A new report from The Center for Public Integrity, with an assist from the Foundation for Fair Contracting in Washington, D.C., illustrates how “low-road” contractors can, and often do, circumvent the federal Davis-Bacon Act.
Workers on a Government Services Administration (GSA) job in Washington, DC who spoke to the Center for Public Integrity said their employer didn’t tell them what they were owed under the law. They and 124 others filed a complaint with the Labor Department’s Wage and Hour Division in 2011.
Investigators found in the workers’ favor, saying they should have earned $25.47 per hour including benefits, as skilled laborers, a specific category of employee under Davis-Bacon. Instead, their supervisors paid them $15.84 an hour and classified their work as general labor. Six years after the complaint was filed, the investigation remains open on appeal. The workers still haven’t gotten their back pay.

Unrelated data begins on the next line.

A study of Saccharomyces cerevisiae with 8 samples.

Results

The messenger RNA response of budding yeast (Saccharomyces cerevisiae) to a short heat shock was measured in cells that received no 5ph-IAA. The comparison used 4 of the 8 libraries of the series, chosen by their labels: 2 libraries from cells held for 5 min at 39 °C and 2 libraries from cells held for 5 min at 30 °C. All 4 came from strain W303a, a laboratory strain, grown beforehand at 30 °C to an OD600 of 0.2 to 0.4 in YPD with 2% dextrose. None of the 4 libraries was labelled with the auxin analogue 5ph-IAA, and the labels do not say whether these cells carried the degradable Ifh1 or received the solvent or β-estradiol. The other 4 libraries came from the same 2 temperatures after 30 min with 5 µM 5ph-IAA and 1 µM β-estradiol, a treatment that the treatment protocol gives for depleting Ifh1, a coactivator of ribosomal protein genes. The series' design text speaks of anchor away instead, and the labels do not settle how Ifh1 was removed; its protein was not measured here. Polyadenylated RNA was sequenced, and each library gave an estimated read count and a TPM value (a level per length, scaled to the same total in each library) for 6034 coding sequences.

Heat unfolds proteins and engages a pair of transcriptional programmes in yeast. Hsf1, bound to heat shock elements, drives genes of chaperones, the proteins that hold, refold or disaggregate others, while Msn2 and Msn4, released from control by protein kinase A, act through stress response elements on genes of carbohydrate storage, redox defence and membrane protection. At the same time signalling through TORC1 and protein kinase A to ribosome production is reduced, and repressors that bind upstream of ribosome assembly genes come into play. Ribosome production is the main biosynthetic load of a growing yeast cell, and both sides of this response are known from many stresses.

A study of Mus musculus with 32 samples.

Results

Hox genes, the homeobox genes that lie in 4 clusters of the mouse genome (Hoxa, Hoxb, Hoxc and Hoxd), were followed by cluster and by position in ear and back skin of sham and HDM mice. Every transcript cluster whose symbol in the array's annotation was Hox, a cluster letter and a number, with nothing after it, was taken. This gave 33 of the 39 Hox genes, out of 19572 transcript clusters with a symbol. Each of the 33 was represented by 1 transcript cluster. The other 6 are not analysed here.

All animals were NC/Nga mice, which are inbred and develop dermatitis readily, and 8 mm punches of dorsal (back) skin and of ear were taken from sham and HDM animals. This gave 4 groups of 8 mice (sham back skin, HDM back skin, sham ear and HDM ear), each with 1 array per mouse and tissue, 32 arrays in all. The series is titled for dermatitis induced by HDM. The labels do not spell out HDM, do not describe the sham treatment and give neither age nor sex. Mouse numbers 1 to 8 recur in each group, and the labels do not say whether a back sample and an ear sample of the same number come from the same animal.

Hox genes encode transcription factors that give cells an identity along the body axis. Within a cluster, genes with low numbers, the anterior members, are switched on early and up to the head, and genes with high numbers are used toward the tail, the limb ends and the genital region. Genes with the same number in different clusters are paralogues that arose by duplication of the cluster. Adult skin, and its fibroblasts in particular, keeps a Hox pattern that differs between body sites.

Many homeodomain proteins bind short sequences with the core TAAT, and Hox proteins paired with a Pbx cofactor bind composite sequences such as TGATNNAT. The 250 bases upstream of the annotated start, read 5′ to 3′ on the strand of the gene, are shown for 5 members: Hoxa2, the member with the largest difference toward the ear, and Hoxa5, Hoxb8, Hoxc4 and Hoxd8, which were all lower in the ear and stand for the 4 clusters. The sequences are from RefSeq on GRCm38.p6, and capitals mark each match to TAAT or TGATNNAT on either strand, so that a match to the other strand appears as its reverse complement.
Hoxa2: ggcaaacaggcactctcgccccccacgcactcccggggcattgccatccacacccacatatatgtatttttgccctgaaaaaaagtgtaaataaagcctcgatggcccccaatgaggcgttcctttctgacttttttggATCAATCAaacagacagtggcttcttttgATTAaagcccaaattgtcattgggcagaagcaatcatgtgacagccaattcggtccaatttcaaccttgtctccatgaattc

The U.S. Department of Labor’s Wage and Hour Division must enforce at least 14 statutes across the nation’s 29 million businesses with a team of only 929 investigators. Federal agencies, which spent more than $470 billion on contracts during the 2016 fiscal year, are saddled with a flawed system to vet contractors and monitor their compliance with those laws. As a result, contractors’ violations rarely show up in government databases. Subcontractors get even less scrutiny.
Last year, the federal government spent more than $40 billion on contracts covered by Davis-Bacon. But a Center investigation found that about 70 percent of the businesses caught violating the law in 2016 don’t appear in federal databases designed to track companies’ contracting records.
Weak oversight allows subcontractors in particular to shortchange workers on government projects with little fear of being caught or barred from future contracts. Meanwhile, their overseers often maintain clean labor records and continue to win government business. This fiscal year, federal agencies have spent more than $425 million on contractors found to have violated Davis-Bacon in 2016, according to U.S. Treasury and Labor Department records analyzed by the Center. The top spenders: The U.S. Department of Defense and the GSA.